Nuggets of Wisdom

Saturday, April 6, 2013

What Deregulation?

What Deregulation

The main narrative behind our economic crisis is that massive deregulation, especially under George W. Bush, created it. To this, one must ask, “What deregulation?”

If deregulation truly destroyed our economy, then the evidence would show that regulation in this country has been decreasing; instead, all evidence points to the contrary: that regulation has been increasing! The pages of the Federal Register, which contains every federal rule and regulation, have exponentially increased by 600 percent, from over 100 thousand pages in the 1940s to over 700 thousand pages in the 2000s. The EPA alone has increased their federal regulations by 220 percent, from over 7 thousand rules in 1976 to over 169 thousand in 2009. Over three thousand new regulations are enacted every year, with a new rule being created every 2 hours. Indeed, it’s no wonder that America ranks as the fourth most overregulated country in the world behind China, India, and Japan.

As for George W. Bush, who’s admitted to have “abandoned the free market,” his administration increased the number of new pages in the Federal Register by 22 percent, from over 64 thousand in 2001 to over 78 thousand in 2007. Regulatory spending alone had increased by 62 percent, from over $26 billion in 2001 to over $42 billion in 2009. These record achievements make him the biggest regulator since Richard Nixon!

Even when confronted with this evidence, most people still insist that deregulation destroyed the economy, arguing that it’s not the level of deregulation that matters, but the deregulation of certain industries—specifically banking. The example often cited is the Gramm–Leach–Bliley Act of 1999, which repealed provisions in the Glass–Steagall Act that prevented commercial banks from doubling as investment banks. This repeal allegedly allowed banks to engage in risky investments that lead to the economic crisis.

However, most economists on both sides disagree with this assessment, arguing that Gramm–Leach–Bliley (which was passed by a bipartisan Congress and signed by a Democratic president) did not create the crisis, and in fact may have actually softened its impact on the economy. According to FactCheck.org, “deregulated banks were not the major culprits in the current debacle. Bank of America, Citigroup, Wells Fargo and J.P. Morgan Chase have weathered the financial crisis in reasonably good shape, while Bear Stearns collapsed and Lehman Brothers has entered bankruptcy, to name but two of the investment banks which had remained independent despite the repeal of Glass-Steagall.”

So if deregulation didn’t create our economic crisis, does that mean regulation did? In a word, yes. While a certain level of regulation is necessary, too much can create an unnecessary burden on businesses, especially small and new ones. This is why big business often lobbies for more—not less—regulation in order to crush their competition. One would assume that food companies would oppose stricter food safety laws, oil companies would oppose clean air regulation, and tobacco companies would oppose regulation on tobacco and tobacco advertising; yet Kraft Foods, General Motors, and Phillip Morris have all spent millions lobbying for the exact opposite! The end result is that federal agencies end up being controlled by the very corporations they were meant to regulate, thus creating “regulatory capture.”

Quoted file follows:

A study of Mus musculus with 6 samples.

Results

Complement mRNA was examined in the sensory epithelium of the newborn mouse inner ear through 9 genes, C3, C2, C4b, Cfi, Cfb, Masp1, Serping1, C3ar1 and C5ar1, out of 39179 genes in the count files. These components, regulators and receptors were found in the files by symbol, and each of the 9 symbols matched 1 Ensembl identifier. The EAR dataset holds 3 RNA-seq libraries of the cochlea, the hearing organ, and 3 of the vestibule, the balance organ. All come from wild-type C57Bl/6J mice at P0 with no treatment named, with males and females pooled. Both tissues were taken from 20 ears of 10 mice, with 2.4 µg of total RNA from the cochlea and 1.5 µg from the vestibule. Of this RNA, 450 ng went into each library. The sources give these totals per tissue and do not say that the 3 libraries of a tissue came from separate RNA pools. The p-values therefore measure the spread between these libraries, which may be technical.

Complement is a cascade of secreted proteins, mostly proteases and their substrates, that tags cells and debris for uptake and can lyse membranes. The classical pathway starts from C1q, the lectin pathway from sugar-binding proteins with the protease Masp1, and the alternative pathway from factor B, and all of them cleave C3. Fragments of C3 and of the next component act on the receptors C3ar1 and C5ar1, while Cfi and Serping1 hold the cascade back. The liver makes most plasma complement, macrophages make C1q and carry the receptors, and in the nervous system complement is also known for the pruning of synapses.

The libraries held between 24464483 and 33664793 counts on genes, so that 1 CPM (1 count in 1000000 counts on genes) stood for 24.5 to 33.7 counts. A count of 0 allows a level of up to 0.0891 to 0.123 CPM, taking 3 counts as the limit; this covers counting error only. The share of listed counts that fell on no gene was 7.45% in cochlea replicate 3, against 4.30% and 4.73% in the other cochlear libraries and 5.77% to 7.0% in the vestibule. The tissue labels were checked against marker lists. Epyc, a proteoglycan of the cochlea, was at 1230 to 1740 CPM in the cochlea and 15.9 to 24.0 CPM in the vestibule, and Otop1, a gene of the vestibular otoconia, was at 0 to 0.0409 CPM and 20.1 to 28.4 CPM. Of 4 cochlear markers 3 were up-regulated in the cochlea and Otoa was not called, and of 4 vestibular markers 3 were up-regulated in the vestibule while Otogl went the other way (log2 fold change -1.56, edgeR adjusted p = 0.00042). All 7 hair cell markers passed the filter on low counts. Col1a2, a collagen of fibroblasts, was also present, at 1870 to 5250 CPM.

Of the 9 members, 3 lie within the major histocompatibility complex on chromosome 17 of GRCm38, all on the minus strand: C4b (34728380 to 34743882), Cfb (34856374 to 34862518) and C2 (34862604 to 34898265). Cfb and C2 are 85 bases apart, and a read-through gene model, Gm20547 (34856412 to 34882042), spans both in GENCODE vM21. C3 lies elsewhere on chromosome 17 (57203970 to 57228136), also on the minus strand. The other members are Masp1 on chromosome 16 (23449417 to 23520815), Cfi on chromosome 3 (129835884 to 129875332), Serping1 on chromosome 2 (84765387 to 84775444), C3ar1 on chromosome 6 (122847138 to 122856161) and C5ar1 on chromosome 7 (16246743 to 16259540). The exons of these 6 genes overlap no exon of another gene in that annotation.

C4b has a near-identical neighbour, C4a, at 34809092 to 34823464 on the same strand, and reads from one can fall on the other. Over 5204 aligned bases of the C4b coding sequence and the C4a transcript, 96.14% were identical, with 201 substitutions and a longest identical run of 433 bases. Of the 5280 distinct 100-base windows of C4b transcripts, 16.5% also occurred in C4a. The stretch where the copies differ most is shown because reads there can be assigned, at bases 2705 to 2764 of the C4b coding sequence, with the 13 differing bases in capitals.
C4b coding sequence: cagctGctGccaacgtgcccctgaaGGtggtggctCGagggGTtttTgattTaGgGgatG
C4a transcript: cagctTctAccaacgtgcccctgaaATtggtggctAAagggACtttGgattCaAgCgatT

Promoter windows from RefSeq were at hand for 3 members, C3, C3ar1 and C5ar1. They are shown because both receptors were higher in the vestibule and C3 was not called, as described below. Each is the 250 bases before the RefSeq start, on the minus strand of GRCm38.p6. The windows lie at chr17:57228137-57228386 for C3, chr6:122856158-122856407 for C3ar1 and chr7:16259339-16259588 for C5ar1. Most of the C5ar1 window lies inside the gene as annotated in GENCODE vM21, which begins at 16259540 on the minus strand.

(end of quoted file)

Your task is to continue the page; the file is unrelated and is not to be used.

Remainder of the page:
Certain regulation, while well-meaning, can also throw a monkey wrench into the machine of the private sector, thus creating disastrous—albeit unintended —consequences. Case in point: the Community Reinvestment Act of 1977, which required banks to lend loans to poor people so they could buy houses they couldn’t afford, thus aiding in the housing bubble, along with its inevitable burst when these people couldn’t pay back their loans. While the CRA may not have been the main cause of the economic crisis, it did play an underlying role in its inception.

It must therefore follow that if regulation has been increasing rather than decreasing, and if these regulations have done more harm than good, than the logical solution must be to decrease regulation and allow the market to correct itself without government interference. Most people would object to this, and claim that “further” deregulation would cause an economic collapse that would reduce America to a Somalian wasteland. This implies that countries with low levels of regulation and taxation are economically worse; however, all evidence points to the contrary. Both Hong Kong and Switzerland have freer economies than the United States, with Hong Kong ranked as the freest economy on earth. Both countries have low levels of taxation and regulation. They also have high GDP and living standards. The reason seems clear enough: with greater economic freedom comes greater prosperity and therefore greater personal freedom.

So now the economy stands on a crossroads where it can choose one of two paths: either it can follow the same-old narrative that deregulation ruined the economy and thus continue increasing regulation—which will only constrain the private sector and prevent it from creating new jobs, or it can look at the evidence, realize deregulation is not to blame for our economic mess, and commence freeing the market of unnecessary and burdensome regulations, therefore promoting economic growth and prosperity. Which will it be?